Fagioli’s Goliath shipyard challenge in Venice
By Alex Dahm12 July 2021
Alex Dahm reports on the challenge met by specialist contractor Fagioli of lifting, moving and installing an 800 tonne Goliath gantry crane for an Italian shipyard.
Multiple types of equipment were used to offload, transport, store and assemble a new 800 tonne Goliath gantry crane for the Fincantieri shipyard in Venice, Italy.
Italy-based international heavy lift and transport specialist Fagioli is no stranger to completing large and heavy jobs in the region. Most of the sections or blocks on this crane weighed between about 10 and 500 tonnes, but the main girder – when assembled from its six pieces – weighed a massive 2,383 tonnes.
The Goliath crane was made by Haixi Heavy-Duty Machinery Co. (HHMC) at Qingdao in China, and shipped to the north Italy yard at Marghera. More than 20 blocks were put together to make a crane weighing 3,973 tonnes.
Tommaso Pedrazzoni, Fagioli site manager, explained that the work on site was structured in four macro phases, “Complex projects require great preparation, study and commitment.
“The first was the unloading phase of all the Goliath crane components from the vessel to the jetty, then the transports by means of SPMT and relative storage on the ground.
“The second was the assembly phase of the Fagioli lifting system, which composed of towers, lifting beams and strand jacks. The third, the highlight of the whole job, was the erection phase of the Goliath crane.And finally the fourth, the disassembly phase of the lifting system.”
Four stages to complete industrious mission
Phase one, the offloading and transporting the gantry crane components, saw them moved from the jetty to the nearby erection area by the ship’s cranes to unload onto the Fincantieri jetty. Up to 72 lines of SPMT from Cometto was used to transport the blocks to the assembly area.
Phase two saw Fagioli assemble its tour-tower lifting system around the Goliath crane’s main girder. A pair of heavy lift strand jacks were mounted on top of each lattice tower. The eight units used from the Fagioli strand jacking system were the L600 type, with a safe working load of 573 tonnes each and a lifting stroke of 450 mm.
The eight strand jacks worked in unison to lift the main girder 10m from the ground to allow insertion of the legs. The hinged leg top piece was moved in on SPMT and connected to the main girder. Then the hinged leg tubular pieces, also moved in on SPMT, were connected to the pad-eyes.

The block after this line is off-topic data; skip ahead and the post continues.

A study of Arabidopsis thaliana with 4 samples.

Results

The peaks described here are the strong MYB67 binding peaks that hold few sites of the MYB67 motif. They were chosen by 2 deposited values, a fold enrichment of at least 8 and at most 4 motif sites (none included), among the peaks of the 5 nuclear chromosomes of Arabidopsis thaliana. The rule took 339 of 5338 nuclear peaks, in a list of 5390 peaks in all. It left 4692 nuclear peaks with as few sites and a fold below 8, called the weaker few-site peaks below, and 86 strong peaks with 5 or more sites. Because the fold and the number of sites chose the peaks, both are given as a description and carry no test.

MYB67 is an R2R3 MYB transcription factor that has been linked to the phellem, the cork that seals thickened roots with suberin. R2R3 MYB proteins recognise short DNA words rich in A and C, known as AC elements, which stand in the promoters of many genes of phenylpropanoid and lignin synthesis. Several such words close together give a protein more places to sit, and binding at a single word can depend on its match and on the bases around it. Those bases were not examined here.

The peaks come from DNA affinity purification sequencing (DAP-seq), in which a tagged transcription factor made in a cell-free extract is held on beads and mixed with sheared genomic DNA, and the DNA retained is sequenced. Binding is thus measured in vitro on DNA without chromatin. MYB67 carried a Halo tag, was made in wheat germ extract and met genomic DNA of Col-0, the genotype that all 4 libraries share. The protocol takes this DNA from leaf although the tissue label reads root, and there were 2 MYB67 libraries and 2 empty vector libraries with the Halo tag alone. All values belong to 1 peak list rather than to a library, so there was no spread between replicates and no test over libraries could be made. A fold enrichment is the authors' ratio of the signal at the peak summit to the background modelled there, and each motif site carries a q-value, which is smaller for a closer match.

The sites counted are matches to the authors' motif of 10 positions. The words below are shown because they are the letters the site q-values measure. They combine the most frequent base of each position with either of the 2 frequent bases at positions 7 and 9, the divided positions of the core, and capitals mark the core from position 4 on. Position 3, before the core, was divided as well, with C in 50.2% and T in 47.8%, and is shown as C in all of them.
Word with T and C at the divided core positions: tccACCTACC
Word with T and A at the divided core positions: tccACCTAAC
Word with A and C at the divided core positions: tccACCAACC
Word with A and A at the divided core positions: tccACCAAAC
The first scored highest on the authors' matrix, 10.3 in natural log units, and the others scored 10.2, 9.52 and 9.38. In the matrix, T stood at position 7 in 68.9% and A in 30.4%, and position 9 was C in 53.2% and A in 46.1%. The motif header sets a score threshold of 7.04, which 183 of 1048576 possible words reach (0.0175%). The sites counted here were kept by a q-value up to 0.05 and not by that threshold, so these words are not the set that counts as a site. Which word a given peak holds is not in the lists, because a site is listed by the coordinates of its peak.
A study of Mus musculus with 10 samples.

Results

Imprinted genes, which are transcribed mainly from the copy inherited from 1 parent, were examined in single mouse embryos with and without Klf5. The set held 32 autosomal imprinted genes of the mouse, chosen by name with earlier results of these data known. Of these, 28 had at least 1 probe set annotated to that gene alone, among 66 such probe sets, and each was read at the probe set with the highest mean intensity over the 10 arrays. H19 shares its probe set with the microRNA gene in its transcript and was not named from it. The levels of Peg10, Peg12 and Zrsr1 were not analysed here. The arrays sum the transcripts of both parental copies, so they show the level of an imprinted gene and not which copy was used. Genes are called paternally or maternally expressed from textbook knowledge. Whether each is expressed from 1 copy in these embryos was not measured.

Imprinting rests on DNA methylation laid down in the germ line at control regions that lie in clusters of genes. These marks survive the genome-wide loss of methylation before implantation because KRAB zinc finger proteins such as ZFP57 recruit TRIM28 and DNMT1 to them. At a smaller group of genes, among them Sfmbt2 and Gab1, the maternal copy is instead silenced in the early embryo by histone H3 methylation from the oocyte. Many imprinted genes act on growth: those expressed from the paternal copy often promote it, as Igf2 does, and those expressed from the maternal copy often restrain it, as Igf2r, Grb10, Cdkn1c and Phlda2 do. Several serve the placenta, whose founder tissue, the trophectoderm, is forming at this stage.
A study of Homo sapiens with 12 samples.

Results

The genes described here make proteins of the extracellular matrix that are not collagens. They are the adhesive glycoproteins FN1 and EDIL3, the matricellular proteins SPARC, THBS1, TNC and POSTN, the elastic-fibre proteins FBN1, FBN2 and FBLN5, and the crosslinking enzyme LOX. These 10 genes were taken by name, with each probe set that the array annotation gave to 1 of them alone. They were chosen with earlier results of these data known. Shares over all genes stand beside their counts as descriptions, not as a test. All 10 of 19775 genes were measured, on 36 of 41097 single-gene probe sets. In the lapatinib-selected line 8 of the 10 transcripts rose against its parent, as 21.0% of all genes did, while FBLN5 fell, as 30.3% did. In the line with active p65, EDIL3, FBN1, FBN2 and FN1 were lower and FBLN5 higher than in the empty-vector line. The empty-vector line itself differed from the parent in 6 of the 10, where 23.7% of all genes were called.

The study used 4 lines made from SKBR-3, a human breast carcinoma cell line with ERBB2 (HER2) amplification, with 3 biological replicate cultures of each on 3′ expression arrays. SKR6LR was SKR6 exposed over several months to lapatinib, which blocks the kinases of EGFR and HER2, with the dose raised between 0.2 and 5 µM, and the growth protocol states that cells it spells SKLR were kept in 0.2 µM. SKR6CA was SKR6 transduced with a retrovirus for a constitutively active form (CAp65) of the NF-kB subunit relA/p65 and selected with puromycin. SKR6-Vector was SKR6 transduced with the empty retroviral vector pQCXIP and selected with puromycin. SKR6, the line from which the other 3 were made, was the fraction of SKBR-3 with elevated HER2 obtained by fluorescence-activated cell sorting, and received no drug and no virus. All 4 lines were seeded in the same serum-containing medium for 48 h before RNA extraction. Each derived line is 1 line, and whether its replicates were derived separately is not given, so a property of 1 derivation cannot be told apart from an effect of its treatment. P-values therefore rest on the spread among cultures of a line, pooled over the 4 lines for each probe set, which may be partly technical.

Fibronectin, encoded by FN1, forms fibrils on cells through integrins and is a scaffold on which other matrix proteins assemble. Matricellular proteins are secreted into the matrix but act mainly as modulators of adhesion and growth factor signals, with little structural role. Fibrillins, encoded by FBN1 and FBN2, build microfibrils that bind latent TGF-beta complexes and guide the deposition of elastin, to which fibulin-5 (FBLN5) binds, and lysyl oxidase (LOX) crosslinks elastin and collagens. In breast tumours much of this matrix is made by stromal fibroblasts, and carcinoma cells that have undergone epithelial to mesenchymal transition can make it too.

The main girder was then lifted 14.4 metres off the ground to allow insertion of the fixed leg. After moving it in on SPMT it was connected to the main girder rotation pad-eyes.
As the lift was progressing the fixed leg was tailed using SPMT, with the hinged leg tubular sections having rollers under them to also walk them onto the crane rails.
Lifting continued until the bottom flange of the main girder reached a height of 41.1 metres from the ground. The fixed leg was aligned vertically under the rotation hinge. At this point lifting was stopped and the SPMT was disconnected. Final rotation of the fixed leg was then completed using two type L100 strand jacks.
With the bottom flange of the main girder at a height of 43.5 metres above ground, rotation of the hinged leg tubular pieces was complete and lifting stopped.
The main girder was lifted again, to a height of 57 metres, with guy cables tensioned to make the crane stable. The travel wheels and drive system were brought in on SPMT with the bottom sections of the fixed and the hinged legs, which were inserted under the suspended legs to complete the assembly process.
Pedrazzoni explained, “Without precise planning and continuous monitoring of every activity then a challenging project like this, in which timing in terms of working together and synchrony with the schedule were fundamental, would not have been possible.”
The project needed to be pervasive from Fagioli’s engineering division, which issued all the necessary documents for the preparation and execution of the job onsite to management, from logistics to operations.
Pedrazzoni concluded, “Without highly skilled and professional figures it would not be possible to complete such ambitious projects.”